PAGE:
On the neurological side, because it has proven to be a useful survival strategy, the human brain is constantly trying to make sense of the world. God is a convenient and simple explanation for all and everything and probably a side-effect of the sense-making attempts when other explanations are difficult to come by.
On the psychological side, religions address our fear of death and tell us that life is fair after all, the bad guys will be punished - post mortem. They help us to find meaning in the carelessness of the cosmos.
On the social side, small children are likely to believe what elders tell them; indoctrination at young age is highly efficient and hard to overcome later. We all want to fit in.
I learned an interesting new aspect at the latest FQXi meeting from David Eagleman, though he didn't draw a connection to religious thinking. Most mentally healthy people lead internal monologues. It's an input-output cycle that circumvents the external part of the loop (in which you actually speak and hear your voice). Eagleman spoke about his hypothesis according to which a failure of the brain to correctly time the inner monologue would have you think you "heard" your inner voice before you formulated it yourself, creating the illusion that you are hearing voices.
Evidence for the neurological roots of religious believes is mounting, see eg Kapogiannis, D., et al. "Cognitive and neural foundations of religious belief" or this earlier post. Or, if that's too many words, here's a fluff talk about funny things people believe by Michael Shermer
So, I'm with Dawkins on the origin of religious beliefs.
On the other hand I think religions serve a need of our societies, and the big churches have learned to serve it well. They provide a community for their followers, no entry exam required, and they offer help and advice. They have beautiful architecture and music. This used to be my favorite church song:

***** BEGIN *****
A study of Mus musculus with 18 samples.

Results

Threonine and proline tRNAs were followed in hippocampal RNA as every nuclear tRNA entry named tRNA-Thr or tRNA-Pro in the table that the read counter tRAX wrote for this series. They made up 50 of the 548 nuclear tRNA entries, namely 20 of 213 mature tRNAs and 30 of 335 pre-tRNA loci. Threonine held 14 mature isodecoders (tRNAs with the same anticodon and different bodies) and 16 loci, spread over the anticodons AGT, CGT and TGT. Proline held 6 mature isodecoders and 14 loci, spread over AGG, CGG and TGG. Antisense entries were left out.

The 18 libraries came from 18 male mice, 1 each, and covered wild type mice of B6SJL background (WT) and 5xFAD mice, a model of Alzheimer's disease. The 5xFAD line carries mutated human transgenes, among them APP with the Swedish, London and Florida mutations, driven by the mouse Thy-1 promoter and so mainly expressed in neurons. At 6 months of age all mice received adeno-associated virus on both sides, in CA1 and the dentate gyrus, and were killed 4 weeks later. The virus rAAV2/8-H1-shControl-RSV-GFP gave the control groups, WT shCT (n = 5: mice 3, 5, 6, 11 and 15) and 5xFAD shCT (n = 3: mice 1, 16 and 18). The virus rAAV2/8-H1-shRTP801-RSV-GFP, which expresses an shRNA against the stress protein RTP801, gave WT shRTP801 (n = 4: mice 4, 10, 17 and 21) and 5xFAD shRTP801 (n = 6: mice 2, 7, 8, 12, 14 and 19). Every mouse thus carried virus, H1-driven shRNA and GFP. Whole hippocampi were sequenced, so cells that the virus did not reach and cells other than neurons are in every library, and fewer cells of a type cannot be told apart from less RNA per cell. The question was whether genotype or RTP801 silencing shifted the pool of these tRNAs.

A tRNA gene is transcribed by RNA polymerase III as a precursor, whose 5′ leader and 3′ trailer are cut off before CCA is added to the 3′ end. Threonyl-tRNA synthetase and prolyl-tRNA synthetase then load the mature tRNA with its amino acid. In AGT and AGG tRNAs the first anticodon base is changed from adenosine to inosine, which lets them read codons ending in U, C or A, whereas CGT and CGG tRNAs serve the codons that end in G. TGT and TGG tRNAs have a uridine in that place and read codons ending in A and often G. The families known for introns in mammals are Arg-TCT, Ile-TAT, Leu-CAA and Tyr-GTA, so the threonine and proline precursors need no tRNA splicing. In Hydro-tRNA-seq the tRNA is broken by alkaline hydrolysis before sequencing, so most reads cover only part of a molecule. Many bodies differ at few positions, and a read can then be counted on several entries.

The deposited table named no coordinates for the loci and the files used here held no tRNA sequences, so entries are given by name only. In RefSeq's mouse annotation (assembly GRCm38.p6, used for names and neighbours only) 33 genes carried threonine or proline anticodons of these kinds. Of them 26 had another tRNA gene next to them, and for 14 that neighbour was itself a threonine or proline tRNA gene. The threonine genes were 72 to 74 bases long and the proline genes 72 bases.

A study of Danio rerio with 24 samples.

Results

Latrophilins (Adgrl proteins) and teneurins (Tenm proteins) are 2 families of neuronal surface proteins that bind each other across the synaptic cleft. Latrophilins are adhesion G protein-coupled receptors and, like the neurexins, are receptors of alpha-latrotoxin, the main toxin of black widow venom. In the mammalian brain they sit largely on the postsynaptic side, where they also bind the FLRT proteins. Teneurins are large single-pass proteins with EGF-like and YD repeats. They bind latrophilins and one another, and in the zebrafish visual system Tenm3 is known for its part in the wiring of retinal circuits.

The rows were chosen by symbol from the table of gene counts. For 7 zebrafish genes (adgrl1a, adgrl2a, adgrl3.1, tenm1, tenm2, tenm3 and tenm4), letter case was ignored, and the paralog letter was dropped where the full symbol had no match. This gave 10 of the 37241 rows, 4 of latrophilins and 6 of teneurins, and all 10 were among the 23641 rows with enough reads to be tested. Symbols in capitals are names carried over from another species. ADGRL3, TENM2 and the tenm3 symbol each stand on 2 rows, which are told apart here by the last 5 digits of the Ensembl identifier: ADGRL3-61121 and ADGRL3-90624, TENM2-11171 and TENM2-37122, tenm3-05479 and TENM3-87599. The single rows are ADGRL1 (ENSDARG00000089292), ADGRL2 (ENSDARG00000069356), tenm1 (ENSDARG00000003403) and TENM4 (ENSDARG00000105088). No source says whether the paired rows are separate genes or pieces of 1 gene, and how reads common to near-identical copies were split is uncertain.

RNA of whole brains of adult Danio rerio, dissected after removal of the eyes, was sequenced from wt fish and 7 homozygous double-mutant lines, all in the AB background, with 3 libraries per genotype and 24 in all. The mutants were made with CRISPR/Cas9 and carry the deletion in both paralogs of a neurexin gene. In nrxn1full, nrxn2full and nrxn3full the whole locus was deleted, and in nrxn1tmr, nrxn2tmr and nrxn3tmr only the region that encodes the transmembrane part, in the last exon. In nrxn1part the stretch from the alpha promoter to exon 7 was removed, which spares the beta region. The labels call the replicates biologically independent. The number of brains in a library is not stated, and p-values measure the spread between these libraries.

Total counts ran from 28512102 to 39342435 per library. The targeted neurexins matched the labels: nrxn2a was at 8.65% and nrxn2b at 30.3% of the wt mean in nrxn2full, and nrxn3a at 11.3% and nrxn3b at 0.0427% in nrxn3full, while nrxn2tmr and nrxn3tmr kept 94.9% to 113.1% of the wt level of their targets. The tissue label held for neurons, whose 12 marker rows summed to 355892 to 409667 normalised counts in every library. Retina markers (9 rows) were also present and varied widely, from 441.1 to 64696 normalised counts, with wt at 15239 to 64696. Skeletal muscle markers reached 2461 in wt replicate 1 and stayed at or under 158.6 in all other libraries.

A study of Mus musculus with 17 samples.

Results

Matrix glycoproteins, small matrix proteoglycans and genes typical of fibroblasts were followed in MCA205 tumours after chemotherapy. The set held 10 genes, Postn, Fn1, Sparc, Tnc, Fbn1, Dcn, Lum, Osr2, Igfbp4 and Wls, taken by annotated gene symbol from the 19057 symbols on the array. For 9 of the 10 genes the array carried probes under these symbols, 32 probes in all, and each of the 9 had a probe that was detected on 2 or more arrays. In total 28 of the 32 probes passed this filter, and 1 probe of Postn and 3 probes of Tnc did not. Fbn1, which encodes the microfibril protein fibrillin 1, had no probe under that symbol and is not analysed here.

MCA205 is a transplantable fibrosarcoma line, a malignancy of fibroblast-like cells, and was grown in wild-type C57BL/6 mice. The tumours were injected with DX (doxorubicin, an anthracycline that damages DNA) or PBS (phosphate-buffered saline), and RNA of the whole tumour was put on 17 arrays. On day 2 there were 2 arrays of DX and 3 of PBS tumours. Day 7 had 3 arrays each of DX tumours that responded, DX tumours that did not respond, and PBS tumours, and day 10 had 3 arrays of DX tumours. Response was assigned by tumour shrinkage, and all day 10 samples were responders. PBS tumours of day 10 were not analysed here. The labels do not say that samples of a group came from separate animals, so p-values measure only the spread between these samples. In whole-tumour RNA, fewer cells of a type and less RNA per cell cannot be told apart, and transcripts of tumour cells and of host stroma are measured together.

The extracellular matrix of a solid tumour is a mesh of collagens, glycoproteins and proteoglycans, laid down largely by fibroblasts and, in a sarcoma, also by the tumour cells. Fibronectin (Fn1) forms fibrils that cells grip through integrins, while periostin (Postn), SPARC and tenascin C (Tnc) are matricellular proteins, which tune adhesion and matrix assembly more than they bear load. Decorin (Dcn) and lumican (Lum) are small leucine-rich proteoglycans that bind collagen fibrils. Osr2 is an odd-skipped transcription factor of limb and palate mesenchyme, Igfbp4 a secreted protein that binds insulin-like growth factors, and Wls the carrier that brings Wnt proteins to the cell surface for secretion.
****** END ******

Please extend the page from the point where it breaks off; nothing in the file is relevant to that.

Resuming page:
It's a variant of Gloria in excelsis deo. So what, really, does science have to offer in comparison?
I think that the biggest problem that science in the 21st century faces is to convince religious people that it has something to offer to them; that scientific thinking brings a value added to their life. Unfortunately, scientists, me included, are not good in sharing this value. Most of us, that is. Carl Sagan did a pretty good job. Neil deGrasse Tyson does too.
When the piano music set in, I felt like puking, and I hate Symphony of Science with a passion. But Tyson's speech has been viewed more than 2 million times, and Symphony of Science is wildly popular, so clearly it speaks to people. And the reason is simple: They're awe-inspiring.
These are both brilliant examples that document so nicely what science can do for you: It tells you what is your place in the universe. It explains how the universe works and how you're part of its working. That's more than any monotheistic religions can offer. In fact, the whole purpose of these religions is to get you to stop asking, to stop thinking.
Shawn Otto has written a book about the US American right's war on science, called "Fool Me Twice: Fighting the Assault on Science in America." I haven't read the book and have no intention to but there's an interesting interview with Otto on Daily Kos. Otto makes a case there that
"When one side of the debate is based on knowledge and the other is based on mere belief or opinion, it’s really a battle over freedom versus authoritarianism...
I understand the argument he's trying to lead, but I think it's not going to be successful. This isn't a battle about freedom, it's a battle about happiness. For Otto's argument to work, he'd have to show that a science-based democracy will contribute the most to the societies' well-being. Now, I believe this is indeed the case, but the problem is that Otto can't base his argument on beliefs, otherwise it'll turn upside down. And to my best knowledge there's no scientific proof that democracy and science make people more happy than, say, monarchy and religion. So, in the end we're left with opinions which is why I doubt this will lead anywhere, especially since the "anti-scientific" side isn't burdened by sticking to scientific arguments.
Thus, I think the awe-inspiring approach is much more promising. Chances are, in the course of time, scientific-themed music will become more common (and less sickening). Bjök's Biophilia is maybe a beginning - though that's arguably not everybody's petridish. What science is still lacking though is a broad sense of community that includes the non-professional public. If I had an institute, I'd have a weekly public event, every Sunday morning at 11, open for everybody. We'd summarize this weeks awesome news, see the most amazing images and videos, and talk about a topic that gives everyone something to think about. On occasion, we'd have a guest speaker. After that, we'd all have a brunch and people could stay and talk and make suggestions for the next week.
I think we have a long way to go to convince people that science is more than a collection of numbers and figures, but a way to understand the world and our place in it. But we're well on the way.